Final Projects

For your final project in this course, I would like you to develop your own interests in material culture and object studies as we have been exploring it over the course of the term. You should plan on producing a significant piece of writing (about 8-10 pages, double-spaced) or an equivalent creative product to submit during our final class meeting on December 16th. 

In your project, I would like you to develop an Object Story. You might choose to expand on one of your earlier blog posts, or use one of these post assignments as inspiration for studying a new object. You could, for instance, expand on your consumer object study ,or write further on one of your personal object stories. You might go into more detail about an object or a collection you studied for the midterm, or write a story involving one or more of the objects you worked on for our Huguenot Street Project. These are just some examples, and you should feel free to develop your own interests and ideas through this project. For instance, if you are a psychology major, you may be interested in some of the work we have done this semester on hoarding; students with an interest in philosophy might want to delve further into theoretical approaches to objects (and so on). 

This project can take the form of a research paper or a creative piece. You might also choose to work in another medium, such as video or audio storytelling (but if you choose this option please keep in mind the limited amount of time you have to produce such work and begin as soon as you can). 

The goal of the assignment is to reflect on and explore the significance of objects and material culture in our Western traditions. What are the historical narratives that your object are a part of, and how does your knowledge of this object help you better understand (or maybe even change your thinking) about that historical narrative? Although it is not required, I encourage you to think about how you might connect this project to your honors thesis (or even use it as a starting place for your thesis).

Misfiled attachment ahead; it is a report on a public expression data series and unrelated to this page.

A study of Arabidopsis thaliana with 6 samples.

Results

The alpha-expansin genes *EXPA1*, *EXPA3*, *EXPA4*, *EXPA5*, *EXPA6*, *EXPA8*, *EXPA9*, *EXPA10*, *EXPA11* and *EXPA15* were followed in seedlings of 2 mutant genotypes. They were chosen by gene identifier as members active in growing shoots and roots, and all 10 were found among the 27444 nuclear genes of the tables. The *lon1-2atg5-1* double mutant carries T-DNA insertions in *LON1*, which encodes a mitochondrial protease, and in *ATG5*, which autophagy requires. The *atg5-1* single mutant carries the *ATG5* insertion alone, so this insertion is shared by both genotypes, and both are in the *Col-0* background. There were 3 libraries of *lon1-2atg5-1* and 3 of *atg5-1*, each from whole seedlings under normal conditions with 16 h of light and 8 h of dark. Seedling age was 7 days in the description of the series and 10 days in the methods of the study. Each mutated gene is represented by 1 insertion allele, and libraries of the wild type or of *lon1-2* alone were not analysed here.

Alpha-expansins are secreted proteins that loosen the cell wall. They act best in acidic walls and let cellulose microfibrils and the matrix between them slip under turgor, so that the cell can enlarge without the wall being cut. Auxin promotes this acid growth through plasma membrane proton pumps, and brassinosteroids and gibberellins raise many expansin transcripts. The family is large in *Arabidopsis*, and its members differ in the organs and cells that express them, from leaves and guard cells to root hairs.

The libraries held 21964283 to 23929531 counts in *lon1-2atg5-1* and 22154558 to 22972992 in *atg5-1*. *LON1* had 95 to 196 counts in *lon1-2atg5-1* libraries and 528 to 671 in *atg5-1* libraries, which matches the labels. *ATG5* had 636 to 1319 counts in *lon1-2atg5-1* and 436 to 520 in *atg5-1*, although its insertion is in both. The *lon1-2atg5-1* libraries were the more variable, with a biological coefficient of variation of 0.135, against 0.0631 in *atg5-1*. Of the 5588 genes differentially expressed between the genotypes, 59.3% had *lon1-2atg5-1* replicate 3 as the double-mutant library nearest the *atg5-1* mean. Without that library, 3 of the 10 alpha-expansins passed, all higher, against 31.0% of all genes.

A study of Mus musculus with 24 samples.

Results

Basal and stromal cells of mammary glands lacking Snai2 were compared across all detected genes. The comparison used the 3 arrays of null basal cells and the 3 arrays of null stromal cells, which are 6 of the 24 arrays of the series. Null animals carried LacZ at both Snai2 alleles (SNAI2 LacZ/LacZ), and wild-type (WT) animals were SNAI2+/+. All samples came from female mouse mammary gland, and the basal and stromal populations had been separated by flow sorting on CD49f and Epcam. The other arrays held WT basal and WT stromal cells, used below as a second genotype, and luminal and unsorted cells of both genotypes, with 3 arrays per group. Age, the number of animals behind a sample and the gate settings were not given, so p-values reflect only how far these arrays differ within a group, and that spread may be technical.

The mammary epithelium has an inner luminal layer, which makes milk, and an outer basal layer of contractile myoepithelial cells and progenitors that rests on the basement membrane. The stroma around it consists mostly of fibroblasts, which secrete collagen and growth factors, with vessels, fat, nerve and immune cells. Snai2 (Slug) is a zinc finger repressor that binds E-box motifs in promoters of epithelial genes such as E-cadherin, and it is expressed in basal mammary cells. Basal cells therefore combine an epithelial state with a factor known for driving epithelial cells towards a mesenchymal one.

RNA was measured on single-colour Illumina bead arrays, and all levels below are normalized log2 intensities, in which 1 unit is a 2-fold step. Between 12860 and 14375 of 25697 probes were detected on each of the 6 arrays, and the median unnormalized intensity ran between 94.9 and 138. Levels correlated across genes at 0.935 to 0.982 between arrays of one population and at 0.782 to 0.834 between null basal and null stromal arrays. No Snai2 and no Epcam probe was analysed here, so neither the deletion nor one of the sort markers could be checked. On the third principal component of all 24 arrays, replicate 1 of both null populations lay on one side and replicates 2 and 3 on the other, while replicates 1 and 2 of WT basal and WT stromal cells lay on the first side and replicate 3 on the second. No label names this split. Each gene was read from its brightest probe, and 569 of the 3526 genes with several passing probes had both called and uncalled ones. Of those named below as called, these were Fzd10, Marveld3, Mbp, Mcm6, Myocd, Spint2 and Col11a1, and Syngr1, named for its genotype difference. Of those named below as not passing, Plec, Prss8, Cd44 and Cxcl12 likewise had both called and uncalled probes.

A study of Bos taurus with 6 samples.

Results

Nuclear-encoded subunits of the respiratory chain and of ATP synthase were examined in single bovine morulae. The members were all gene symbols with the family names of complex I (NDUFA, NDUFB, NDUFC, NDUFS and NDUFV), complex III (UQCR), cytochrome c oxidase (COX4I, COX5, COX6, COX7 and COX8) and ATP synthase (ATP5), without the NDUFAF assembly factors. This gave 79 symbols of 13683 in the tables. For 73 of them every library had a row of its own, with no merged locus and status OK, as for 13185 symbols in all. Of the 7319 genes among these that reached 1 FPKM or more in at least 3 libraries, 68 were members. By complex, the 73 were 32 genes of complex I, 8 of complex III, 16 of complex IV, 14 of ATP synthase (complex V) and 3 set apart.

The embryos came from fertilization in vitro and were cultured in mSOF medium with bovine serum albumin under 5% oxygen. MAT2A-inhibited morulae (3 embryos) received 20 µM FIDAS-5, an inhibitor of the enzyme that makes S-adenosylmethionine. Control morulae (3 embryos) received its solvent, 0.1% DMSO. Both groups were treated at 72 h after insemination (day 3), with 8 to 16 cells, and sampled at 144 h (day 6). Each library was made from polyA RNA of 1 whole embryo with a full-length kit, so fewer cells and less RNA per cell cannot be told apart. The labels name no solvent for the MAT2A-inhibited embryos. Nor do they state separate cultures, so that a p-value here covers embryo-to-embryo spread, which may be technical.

In addition to the final December 16th deadline, you should plan on bringing a preliminary proposal to Prof. Mulready (which you will also workshop in class the week of Nov. 29).

The proposal should explain which object you are working with, the methodology and form you are using to study the object, and what you anticipate the final product to be (a paper, website, video recording, etc.). What resources are you using to tell the object’s story (a bibliography isn’t necessary, but you should mention some key sources)? What historical narratives (or Big Ideas) are you interested in exploring through your study of this object?